Guidance for Dealing with Disclosures of Domestic Violence and Abuse
Herefordshire Safeguarding Boards Response to Instances of Domestic Violence and Abuse (DVA)
Domestic Abuse is unacceptable and tackling the issue is a priority for organisations and services working across Herefordshire
Domestic Abuse is a Safeguarding and Public Health issue, early intervention and support is crucial.
Home Office Definition of Domestic Abuse
Any incident or pattern of incidents of controlling, coercive, threatening behaviour, violence or abuse between those aged 16 or over who are, or have been, intimate partners or family members regardless of gender or sexuality. The abuse can encompass, but is not limited to: Psychological, physical, sexual, financial, emotional abuse.
The guidance is applicable for all victims (female, male, LGBTQ etc.) and can be found within the HSCB West Midlands Procedures here.
- Domestic abuse also occurs in the lesbian, gay, bisexual and transgender communities
- Heterosexual men can also be abused by heterosexual females
- Domestic abuse doesn’t just occur between partners living in the same residence. It also occurs with interfamilial relationships, ex partners, and parent/adult child relationships.
- Create a supportive environment where DA information is prominently displayed
- Be aware of local and national support services and have available information to support victims
- Ensure you attend DVA training that is appropriate to your professional role i.e. universal or targeted training
- Be aware of signs that could indicate DA is taking place
- If required, ensure professional interpreters are employed to translate, not family members, children or friends
- Only ask about domestic abuse to service users when they are safely on their own, and in a private place.
Remember domestic abuse commonly escalates and increases in severity over time.
Separation does not ensure safety; it often increases the risk. Always consult specialist DVA agencies for safety planning advice. Click to visit the West Mercia Women's Aid website or call the 24 hour helpline on 0800 783 1359.
If you wish to attend a MARAC to observe the proceedings please contact the MARAC Coordinator: firstname.lastname@example.org, Tel: 01432 347364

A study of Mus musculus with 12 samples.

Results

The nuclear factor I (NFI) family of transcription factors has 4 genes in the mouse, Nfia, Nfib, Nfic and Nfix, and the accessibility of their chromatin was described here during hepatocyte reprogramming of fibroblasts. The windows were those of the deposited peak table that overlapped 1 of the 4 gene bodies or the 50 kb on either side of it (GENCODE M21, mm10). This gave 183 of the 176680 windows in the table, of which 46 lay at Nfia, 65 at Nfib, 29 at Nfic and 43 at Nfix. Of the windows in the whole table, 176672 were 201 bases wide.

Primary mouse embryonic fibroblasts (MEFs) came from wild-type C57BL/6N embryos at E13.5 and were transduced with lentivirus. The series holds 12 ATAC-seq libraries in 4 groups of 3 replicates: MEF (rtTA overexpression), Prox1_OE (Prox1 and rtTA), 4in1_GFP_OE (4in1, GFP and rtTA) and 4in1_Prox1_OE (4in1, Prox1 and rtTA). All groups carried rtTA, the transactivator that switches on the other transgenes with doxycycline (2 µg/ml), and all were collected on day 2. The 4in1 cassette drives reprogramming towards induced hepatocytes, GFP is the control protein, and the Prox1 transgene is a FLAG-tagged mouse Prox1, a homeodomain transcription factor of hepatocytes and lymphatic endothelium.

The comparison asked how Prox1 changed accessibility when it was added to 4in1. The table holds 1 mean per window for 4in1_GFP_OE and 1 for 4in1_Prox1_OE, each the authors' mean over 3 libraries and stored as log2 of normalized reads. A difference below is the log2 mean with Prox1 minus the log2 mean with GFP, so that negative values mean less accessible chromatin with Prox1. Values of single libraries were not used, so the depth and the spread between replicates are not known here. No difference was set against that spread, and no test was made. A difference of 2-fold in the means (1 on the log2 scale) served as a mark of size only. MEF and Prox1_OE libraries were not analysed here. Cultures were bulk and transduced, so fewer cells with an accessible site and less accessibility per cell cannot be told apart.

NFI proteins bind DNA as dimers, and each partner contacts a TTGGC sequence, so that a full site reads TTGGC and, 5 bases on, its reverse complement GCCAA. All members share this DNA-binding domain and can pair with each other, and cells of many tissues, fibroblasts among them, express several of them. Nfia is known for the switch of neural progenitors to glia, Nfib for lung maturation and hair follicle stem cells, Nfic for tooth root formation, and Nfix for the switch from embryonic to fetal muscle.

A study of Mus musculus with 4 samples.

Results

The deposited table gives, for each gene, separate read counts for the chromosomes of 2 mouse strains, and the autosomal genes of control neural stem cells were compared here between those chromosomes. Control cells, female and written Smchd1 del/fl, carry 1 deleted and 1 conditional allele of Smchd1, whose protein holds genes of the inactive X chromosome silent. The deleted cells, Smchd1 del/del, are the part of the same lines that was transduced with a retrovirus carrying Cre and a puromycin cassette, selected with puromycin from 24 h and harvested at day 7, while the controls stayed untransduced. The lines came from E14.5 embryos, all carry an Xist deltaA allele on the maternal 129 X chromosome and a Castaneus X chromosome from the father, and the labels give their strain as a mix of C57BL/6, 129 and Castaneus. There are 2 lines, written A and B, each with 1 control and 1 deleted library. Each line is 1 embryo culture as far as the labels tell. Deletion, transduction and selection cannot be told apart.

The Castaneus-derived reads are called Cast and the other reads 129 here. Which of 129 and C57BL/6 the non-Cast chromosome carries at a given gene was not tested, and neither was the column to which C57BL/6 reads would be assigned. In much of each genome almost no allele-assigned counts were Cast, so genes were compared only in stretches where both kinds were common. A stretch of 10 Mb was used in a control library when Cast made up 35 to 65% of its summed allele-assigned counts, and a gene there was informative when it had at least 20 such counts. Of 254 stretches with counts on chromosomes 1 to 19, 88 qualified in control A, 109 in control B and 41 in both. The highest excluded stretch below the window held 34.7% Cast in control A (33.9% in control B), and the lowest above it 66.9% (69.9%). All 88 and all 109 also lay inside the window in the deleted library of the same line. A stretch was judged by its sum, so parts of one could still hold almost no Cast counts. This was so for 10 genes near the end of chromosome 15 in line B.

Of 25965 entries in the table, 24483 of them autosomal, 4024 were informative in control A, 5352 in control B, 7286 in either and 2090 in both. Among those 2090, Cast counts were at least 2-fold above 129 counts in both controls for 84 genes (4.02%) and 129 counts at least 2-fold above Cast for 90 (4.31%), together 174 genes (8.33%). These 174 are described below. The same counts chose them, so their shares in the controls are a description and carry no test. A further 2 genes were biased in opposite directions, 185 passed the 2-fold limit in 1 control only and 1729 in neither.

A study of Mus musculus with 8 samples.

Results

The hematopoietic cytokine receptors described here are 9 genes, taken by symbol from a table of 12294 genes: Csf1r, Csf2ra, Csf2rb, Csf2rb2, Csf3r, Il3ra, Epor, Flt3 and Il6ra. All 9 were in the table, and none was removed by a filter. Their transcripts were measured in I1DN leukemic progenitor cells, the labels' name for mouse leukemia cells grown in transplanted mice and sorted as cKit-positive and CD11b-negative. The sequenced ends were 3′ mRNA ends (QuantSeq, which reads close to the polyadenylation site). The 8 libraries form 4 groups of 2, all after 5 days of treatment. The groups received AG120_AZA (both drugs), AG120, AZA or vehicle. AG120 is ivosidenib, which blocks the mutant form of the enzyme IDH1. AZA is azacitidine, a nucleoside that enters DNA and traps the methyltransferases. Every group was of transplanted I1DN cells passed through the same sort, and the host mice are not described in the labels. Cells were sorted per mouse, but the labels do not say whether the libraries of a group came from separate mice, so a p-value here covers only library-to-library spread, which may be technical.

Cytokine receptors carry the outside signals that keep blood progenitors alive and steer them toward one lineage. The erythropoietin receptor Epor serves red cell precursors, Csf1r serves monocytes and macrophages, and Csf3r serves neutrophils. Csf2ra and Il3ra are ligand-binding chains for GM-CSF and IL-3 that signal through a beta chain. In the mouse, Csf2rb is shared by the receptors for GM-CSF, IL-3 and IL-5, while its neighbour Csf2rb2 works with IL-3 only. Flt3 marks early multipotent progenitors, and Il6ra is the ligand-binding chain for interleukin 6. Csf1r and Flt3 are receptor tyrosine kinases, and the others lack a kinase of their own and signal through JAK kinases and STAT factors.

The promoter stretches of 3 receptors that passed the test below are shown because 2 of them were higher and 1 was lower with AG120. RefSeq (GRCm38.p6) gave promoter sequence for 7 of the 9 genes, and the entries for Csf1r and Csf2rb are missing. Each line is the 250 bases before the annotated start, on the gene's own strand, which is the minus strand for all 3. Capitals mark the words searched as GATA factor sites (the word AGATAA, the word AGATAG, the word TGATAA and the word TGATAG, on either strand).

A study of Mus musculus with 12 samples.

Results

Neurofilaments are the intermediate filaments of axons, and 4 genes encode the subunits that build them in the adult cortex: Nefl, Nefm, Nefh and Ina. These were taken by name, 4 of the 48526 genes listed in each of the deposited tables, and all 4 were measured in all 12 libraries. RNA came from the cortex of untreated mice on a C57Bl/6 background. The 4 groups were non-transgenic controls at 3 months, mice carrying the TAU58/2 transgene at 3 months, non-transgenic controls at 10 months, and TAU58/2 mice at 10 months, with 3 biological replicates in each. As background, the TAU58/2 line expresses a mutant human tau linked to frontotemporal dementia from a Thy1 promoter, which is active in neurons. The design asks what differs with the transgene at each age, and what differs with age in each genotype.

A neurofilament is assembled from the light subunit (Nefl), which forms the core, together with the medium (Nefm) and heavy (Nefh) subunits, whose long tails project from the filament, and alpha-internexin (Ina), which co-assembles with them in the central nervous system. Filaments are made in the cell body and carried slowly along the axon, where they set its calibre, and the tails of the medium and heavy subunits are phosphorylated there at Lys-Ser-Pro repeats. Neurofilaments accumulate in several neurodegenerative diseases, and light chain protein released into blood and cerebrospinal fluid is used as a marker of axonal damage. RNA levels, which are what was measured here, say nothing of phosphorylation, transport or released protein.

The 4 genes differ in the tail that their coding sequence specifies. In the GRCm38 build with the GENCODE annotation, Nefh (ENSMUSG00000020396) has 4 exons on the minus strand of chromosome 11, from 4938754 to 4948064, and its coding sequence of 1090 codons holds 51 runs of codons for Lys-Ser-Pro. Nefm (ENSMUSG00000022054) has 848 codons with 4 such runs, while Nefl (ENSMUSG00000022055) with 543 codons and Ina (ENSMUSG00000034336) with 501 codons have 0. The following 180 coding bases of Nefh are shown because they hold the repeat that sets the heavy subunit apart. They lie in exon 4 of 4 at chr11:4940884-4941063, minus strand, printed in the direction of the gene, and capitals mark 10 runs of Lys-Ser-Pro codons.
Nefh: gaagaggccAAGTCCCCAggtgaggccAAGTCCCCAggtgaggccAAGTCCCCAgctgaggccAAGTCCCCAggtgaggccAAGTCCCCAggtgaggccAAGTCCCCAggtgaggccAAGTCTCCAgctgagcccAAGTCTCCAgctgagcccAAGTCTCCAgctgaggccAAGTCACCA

DVA Risk Assessment Categories:
- Standard: Current evidence does not indicate likelihood of causing serious harm
- Medium: There are identifiable indicators of risk of serious harm. The offender has the potential to cause serious harm but is unlikely to do so unless there is a change in circumstances, for example, failure to take medication, loss of accommodation, relationship breakdown, drug or alcohol misuse
- High: There are identifiable indicators of risk of serious harm. The potential event could happen at any time and the impact would be serious.
The SafeLives Risk Identification Checklist (RIC) for the identification of risk in cases of domestic abuse, stalking and ‘honour’-based violence in young people’s relationships has been amended from the original version, designed for use with adults in 2009. This Young People’s Checklist will allow you to apply the wide ranging research available on risk in adult cases of domestic abuse, combined with the more limited evidence base that relates to young people experiencing intimate partner abuse, and use it to begin the risk assessment process with a young person who is being harmed within a relationship.
Always consider children’s needs and risks to safety – if in doubt refer to Herefordshire MASH on 01432 260800.
For adult survivor consider Mental Capacity Act 2005 when responding to DVA, click here for guidance
If in doubt consult with a safeguarding manager within your organisation or the Herefordshire Safeguarding Adults Board. You have a duty to signpost/refer survivors to support services.